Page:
In a followup to this post about your products being manufactured overseas and possibly built by underpaid, overworked 13-year olds, here’s another article for your viewing displeasure. Read here.
The gist of the article is that not only is it more lucrative to build overseas, but America doesn’t have the infrastructure to support the markets that big manufactures require.
In Asia, specifically China, you can have a special screw at a factory that is situated next to a factory that makes glass screens … that’s next to one that makes another special component.
Another force is competition. Once Apple has a great product, then it forces other manufacturers to head overseas to find vendors with competitive components.
One driving moment in the article is a story about Steve Jobs requiring a glass screen on the iPhone that pushed them to contract in China.
You can read the whole thing yourself. But here are two long-ish snippets:
“The entire supply chain is in China now,” said another former high-ranking Apple executive. “You need a thousand rubber gaskets? That’s the factory next door. You need a million screws? That factory is a block away. You need that screw made a little bit different? It will take three hours.”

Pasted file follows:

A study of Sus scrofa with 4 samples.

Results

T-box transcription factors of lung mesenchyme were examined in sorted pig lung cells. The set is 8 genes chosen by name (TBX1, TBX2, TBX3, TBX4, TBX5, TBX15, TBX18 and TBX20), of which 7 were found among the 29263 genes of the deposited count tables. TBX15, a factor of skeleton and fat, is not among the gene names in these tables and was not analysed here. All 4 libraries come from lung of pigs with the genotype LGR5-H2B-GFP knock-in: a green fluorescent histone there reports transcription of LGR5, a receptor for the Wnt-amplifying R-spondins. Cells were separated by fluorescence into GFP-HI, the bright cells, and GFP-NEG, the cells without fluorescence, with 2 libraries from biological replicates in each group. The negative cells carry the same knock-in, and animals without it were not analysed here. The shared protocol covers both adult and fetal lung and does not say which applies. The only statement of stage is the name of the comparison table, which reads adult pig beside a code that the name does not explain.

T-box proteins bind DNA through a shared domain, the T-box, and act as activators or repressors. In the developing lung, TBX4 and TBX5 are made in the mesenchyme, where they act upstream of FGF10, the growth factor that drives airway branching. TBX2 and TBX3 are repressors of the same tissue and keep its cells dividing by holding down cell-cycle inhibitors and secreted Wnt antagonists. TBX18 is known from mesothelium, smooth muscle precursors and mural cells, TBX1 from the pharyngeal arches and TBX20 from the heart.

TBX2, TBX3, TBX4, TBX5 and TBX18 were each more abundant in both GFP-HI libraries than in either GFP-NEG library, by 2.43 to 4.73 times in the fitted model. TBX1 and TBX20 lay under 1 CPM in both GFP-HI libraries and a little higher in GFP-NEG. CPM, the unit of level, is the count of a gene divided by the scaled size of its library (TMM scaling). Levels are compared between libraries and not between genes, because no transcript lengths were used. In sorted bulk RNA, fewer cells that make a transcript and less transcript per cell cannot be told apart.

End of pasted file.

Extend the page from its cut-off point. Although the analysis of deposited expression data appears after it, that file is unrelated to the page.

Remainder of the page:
It is difficult to estimate how much more it would cost to build iPhones in the United States. However, various academics and manufacturing analysts estimate that because labor is such a small part of technology manufacturing, paying U.S. wages would add up to $65 to each iPhone’s expense. Since Apple’s profits are often hundreds of dollars per phone, building domestically, in theory, would still give the company a healthy reward.
The pace of innovation, say executives from a variety of industries, has been quickened by businessmen like Jobs. GM went as long as half a decade between major auto redesigns. Apple, by comparison, has released five iPhones in four years, doubling the devices’ speed and memory while dropping the price that some consumers pay.
Before Obama and Jobs said goodbye, the Apple executive pulled an iPhone from his pocket to show off a new application — a driving game — with incredibly detailed graphics. The device reflected the soft glow of the room’s lights.
The other executives, whose combined worth exceeded $69 billion, jostled for position to glance over his shoulder. The game, everyone agreed, was wonderful.
There wasn’t even a tiny scratch on the screen.